Hungry leeches, rummaging macaques and a praying mantis in the dining room are not a typical sight for scientists at the Natural History Museum in London. But for those on a fieldtrip to Borneo they are.
A tiger leech. Reporter Charlotte had a close encounter with one.
Museum scientists are studying beetles, wasps, other invertebrates, lichen and soil in the North Borneo rainforests of Sabah. It is a biodiversity hotspot filled with huge animal and plant diversity, much of which is unique to the area.
Roving reporter Charlotte Coales from the Museum's Nature Live team is blogging and sending videos about the daily activities of one team in the Maliau Basin, in between her own encounters with a leech, caught on video, that is!
'I'll be reporting back on the scientists' research, giving people an insider's view on their ingenious sampling methods, keeping people updated on exciting wildlife sightings, and recounting the highs and lows of life in the field, ' says Charlotte.
An Olcina species - an interesting pseudophylline bush cricket disguised as lichen.
The team will be finding out more about the incredible biodiversity of Borneo, which is the 3rd largest island in the world.
They are likely to find many species that have not been documented before, especially the 'microfauna', tiny animals in the soils, forest canopy and freshwater systems.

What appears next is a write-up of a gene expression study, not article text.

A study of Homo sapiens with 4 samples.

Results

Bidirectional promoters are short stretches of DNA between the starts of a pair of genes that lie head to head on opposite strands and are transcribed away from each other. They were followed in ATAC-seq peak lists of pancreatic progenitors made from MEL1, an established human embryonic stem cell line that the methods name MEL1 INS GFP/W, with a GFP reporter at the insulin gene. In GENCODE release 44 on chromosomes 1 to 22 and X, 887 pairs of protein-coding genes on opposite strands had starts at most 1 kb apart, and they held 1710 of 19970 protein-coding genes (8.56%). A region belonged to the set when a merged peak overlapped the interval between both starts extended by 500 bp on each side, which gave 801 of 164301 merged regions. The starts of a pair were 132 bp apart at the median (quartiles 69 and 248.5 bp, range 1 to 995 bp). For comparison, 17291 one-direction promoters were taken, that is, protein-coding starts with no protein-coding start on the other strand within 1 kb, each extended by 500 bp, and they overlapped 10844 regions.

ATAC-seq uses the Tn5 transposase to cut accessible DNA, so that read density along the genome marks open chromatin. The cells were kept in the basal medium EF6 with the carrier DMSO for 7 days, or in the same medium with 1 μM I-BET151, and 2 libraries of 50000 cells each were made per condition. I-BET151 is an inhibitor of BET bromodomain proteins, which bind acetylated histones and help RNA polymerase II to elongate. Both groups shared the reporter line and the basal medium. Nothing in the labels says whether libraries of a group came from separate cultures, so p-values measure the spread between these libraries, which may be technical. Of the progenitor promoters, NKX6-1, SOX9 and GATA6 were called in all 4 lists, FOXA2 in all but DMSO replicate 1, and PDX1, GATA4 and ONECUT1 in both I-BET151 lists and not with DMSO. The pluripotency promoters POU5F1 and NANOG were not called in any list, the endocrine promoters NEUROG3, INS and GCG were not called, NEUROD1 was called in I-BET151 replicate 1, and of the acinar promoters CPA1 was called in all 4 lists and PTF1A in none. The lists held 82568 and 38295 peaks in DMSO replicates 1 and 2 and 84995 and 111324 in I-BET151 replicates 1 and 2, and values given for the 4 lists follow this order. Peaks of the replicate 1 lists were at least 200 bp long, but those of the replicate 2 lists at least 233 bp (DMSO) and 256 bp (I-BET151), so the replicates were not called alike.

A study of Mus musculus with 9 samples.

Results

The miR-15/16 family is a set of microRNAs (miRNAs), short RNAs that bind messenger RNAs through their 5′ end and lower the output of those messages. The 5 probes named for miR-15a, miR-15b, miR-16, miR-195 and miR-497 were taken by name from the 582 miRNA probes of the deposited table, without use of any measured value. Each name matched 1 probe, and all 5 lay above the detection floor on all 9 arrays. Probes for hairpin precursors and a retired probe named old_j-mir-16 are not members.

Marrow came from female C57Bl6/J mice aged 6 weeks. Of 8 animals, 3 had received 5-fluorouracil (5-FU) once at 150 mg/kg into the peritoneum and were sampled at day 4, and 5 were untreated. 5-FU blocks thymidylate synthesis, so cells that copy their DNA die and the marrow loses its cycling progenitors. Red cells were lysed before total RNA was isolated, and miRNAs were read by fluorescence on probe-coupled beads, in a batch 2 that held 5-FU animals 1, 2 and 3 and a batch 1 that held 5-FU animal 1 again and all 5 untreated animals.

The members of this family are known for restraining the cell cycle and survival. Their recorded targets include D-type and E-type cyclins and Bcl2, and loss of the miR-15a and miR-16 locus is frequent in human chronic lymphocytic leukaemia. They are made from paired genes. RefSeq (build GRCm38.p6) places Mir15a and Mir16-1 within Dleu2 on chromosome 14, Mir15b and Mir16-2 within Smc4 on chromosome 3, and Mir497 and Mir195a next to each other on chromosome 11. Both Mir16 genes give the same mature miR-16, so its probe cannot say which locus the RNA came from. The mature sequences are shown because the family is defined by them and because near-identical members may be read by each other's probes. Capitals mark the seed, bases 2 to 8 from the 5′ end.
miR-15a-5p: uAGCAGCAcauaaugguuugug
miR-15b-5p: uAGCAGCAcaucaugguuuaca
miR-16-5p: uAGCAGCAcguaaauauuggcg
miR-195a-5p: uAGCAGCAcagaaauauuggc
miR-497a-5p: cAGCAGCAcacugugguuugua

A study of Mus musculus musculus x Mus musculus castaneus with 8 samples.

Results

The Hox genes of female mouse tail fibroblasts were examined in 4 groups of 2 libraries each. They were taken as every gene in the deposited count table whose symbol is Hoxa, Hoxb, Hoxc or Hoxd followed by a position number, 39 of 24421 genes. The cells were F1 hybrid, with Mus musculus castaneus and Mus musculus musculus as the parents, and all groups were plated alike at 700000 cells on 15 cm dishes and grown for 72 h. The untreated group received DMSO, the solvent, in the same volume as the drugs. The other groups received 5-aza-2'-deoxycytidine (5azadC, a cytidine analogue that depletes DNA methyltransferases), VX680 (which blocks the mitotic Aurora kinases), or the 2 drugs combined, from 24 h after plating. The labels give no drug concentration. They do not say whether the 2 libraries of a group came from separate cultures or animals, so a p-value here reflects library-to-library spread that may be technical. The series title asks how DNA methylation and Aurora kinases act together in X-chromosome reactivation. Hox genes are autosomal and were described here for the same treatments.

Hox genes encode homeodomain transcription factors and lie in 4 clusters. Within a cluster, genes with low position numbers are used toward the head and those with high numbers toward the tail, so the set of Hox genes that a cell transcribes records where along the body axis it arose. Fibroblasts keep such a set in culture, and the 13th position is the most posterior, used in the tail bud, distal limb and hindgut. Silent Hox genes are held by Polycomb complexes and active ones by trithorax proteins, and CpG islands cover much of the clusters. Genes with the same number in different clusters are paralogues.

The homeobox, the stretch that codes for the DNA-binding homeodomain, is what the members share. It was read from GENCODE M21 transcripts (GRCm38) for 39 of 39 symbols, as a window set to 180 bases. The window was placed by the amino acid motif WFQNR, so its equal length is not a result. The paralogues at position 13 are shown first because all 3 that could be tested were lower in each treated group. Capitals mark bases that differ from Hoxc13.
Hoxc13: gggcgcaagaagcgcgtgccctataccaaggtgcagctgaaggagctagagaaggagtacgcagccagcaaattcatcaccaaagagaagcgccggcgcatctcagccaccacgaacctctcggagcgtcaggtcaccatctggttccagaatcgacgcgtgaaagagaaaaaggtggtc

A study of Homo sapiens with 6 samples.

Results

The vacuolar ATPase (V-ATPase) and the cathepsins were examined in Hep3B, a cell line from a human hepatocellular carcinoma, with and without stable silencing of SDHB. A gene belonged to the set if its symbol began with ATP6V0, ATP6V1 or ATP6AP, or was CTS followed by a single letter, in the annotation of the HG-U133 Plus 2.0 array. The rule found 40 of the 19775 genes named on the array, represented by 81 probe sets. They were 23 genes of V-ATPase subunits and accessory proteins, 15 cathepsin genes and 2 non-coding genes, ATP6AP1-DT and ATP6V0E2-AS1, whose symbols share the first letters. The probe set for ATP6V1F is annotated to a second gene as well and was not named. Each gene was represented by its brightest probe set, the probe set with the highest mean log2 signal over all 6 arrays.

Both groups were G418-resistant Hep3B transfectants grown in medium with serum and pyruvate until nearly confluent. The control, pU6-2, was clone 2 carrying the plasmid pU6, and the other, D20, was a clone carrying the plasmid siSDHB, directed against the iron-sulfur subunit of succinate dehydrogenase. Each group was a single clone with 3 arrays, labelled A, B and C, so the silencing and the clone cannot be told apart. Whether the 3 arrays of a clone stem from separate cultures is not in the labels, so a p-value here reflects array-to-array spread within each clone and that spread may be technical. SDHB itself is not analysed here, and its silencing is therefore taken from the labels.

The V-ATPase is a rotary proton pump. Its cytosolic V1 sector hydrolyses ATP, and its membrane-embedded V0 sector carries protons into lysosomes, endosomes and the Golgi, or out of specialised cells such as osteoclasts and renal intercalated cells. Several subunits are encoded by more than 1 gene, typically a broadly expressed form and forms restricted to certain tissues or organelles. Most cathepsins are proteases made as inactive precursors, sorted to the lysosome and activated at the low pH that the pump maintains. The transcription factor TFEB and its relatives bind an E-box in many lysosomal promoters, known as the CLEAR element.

Museum scientist Dan Carpenter says, ‘This is an extraordinary opportunity to document the diversity of tropical rainforests and tropical freshwaters. We will almost certainly discover new species and in some cases as much as 50% of our samples will be species new to science.’
As well as helping to understand longterm biodiversity changes in Borneo on a large scale, the fieldtrip results will also complement a 10-year study of soil biodiversity in the New Forest, England, giving valuable comparisons between tropical and temperate forests.
The team are also working with the local Stability of Altered Forest Ecosystems (SAFE) project, which is examining the effects of deforestation, resource extraction, and palm oil cultivation on biodiversity.
Charlotte puts on her leech-proof socks ready for a trek into the Borneo rainforest.
There are 3 teams working in the Maliau Basin and in the Danum Valley and the sites they cover vary from near-pristine forest to those affected by logging.
Charlotte's blog posts have so far covered some of the techniques the scientists use to trap different animals and measure lichen, seeing pig-tailed macaques at breakfast, and welcoming a visiting praying mantis to the dining room.
Other scientists and members of the Nature Live team are blogging too, and there are free Nature Live events as well as live link-up events for schools.
Giant squid, spiders dating, plants that bite and parasitoid wasps are just some of the subjects of our daily Nature Live talks and events in the Attenborough Studio.